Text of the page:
Thursday, March 9, 2017

A Place Where Water Once Was But Was No Longer, But Once Again Was (sort of) - Travels in Death Valley

Yes, I used that silly title a few weeks ago, but today it is in a very different context. We were continuing our exploration of the Death Valley region, and we were still dealing with the effects of the Bombogenesis storm that dropped so much precipitation across Southern California. We weren't able to reach Devil's Hole to see the rare pupfish because we almost got stuck in the mud. So we headed back west towards Death Valley as the storm finally seemed to be breaking up.

Highway 190 traverses a long northwestern-trending valley or trough flanked on the north by the steep and rugged Funeral Mountains. The mountains were just barely visible through the rainclouds, but we could make out thick gray sedimentary layers tilted to a high angle. Taken all together, the layers are very thick, approaching 20,000 feet, around four miles. There is quite a story in those rocks.
One of the challenges of taking new students into outdoor geological environments is getting them to recognize that the landscape that exists today is far different than those that came before. Nothing accomplishes that quite so well as releasing them onto the floor of an incredibly dry desert valley, and letting them discover that the rocks underfoot were chock-full of fossils that originated on the bottom of a shallow tropical sea. The rocks layers that make up the Funeral Mountains once lay offshore of the North American continent. California simply didn't exist 300-400 million years ago. There was only ocean.
One could argue that this was an exceedingly boring time as far as geological activity was concerned. For 200 or 300 million years there was quiet deposition of layers of lime-rich mud and not much else. It maybe wasn't exciting at the time, but to a paleontologist this is intellectual treasure beyond compare. It's rare around the planet to find places where deposition took place for hundreds of millions of years without interruption, and equally rare for such places to preserve the myriads of life forms that lived in these shallow seas.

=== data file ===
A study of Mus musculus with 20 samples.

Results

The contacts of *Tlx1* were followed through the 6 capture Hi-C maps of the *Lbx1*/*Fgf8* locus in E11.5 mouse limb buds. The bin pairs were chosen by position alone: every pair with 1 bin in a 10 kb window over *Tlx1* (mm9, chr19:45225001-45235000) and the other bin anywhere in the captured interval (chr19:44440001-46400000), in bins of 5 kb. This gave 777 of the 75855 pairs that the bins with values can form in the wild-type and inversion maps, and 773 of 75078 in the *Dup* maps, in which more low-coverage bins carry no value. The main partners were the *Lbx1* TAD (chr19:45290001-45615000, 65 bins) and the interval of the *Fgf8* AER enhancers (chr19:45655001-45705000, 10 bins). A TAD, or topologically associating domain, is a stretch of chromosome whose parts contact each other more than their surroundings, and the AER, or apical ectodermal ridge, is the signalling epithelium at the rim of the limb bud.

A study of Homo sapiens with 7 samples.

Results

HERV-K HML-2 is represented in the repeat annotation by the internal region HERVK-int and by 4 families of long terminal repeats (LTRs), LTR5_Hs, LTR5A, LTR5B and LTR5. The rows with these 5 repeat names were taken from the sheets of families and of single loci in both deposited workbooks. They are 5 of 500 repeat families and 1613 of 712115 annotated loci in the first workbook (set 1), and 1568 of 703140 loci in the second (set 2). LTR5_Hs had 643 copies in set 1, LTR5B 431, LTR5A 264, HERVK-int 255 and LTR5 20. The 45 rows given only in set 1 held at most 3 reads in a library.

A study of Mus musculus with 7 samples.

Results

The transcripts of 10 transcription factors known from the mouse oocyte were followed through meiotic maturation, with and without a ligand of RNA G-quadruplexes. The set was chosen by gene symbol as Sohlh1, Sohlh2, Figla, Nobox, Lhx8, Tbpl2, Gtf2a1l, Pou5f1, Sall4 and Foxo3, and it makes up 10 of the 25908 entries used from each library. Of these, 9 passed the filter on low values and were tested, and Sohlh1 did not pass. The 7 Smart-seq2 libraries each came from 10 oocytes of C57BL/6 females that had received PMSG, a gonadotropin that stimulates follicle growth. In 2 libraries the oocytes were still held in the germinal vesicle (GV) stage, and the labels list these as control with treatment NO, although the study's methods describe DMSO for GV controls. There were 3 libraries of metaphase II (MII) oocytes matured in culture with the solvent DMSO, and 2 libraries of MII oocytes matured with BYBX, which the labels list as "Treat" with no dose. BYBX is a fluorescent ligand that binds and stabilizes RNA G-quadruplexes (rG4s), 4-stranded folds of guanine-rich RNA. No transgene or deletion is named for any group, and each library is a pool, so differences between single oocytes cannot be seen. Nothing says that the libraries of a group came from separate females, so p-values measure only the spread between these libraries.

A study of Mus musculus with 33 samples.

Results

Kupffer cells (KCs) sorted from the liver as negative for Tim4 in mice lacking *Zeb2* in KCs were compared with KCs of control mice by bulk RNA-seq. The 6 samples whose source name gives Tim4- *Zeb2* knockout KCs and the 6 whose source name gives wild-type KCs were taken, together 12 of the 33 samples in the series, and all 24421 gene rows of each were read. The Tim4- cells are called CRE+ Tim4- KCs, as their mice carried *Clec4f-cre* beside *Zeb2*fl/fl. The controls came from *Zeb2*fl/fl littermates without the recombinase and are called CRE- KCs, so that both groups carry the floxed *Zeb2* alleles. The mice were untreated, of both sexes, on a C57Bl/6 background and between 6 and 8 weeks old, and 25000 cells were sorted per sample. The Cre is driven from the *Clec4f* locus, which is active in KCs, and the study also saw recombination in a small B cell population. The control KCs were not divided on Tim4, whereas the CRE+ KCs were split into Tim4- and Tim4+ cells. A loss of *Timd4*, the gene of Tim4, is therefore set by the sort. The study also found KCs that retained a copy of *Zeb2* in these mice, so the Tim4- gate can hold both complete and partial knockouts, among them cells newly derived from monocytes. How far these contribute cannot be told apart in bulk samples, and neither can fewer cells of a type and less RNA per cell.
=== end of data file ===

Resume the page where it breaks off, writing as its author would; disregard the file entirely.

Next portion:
The Grand Canyon is a justly famous and spectacular monument to the forces of geology, but the Paleozoic layers there are only 4,000 feet thick, and entire periods (the Ordovician and Silurian) are missing. The fossil record is incomplete. Death Valley National Park on the other hand has layers dating from every period within the Paleozoic era, as well as Cenozoic layers that are entirely missing from the Grand Canyon. It has one of the greatest fossil records to be found anywhere in the national park system. That what we were out to find that afternoon: fossils!
It shouldn't have be said, but we were outside of the boundaries of the national park. Collecting within the park boundaries is quite logically not allowed. We do enough damage to the resource as it is without hauling it off, to be lost to science.
A huge number of fossils lay scattered across the desert floor. The predominant fossils were the bits and pieces of crinoid stems (sea lilies) that once covered the floor of the sea like waving fields of wheat. Even though the crinoids were anchored by roots and had stems, they were most certainly animals, specifically echinoderms. This is the animal phylum that includes starfish, sand dollars, sea biscuits, and urchins. All of these animals are related by a kind of five-fold symmetry: the five legs of the starfish, the five feeding grooves on the surface of the sand dollars. The symmetry can be seen in the "star" shape in the middle of the stem fragment (above).
Other finds of the day included corals and brachiopods. For the students, it was the beginning of an understanding that the desert beneath their feet was truly a place where water once was, but was no longer. And with the continuing rain, it was a place where water was once again, however termporary.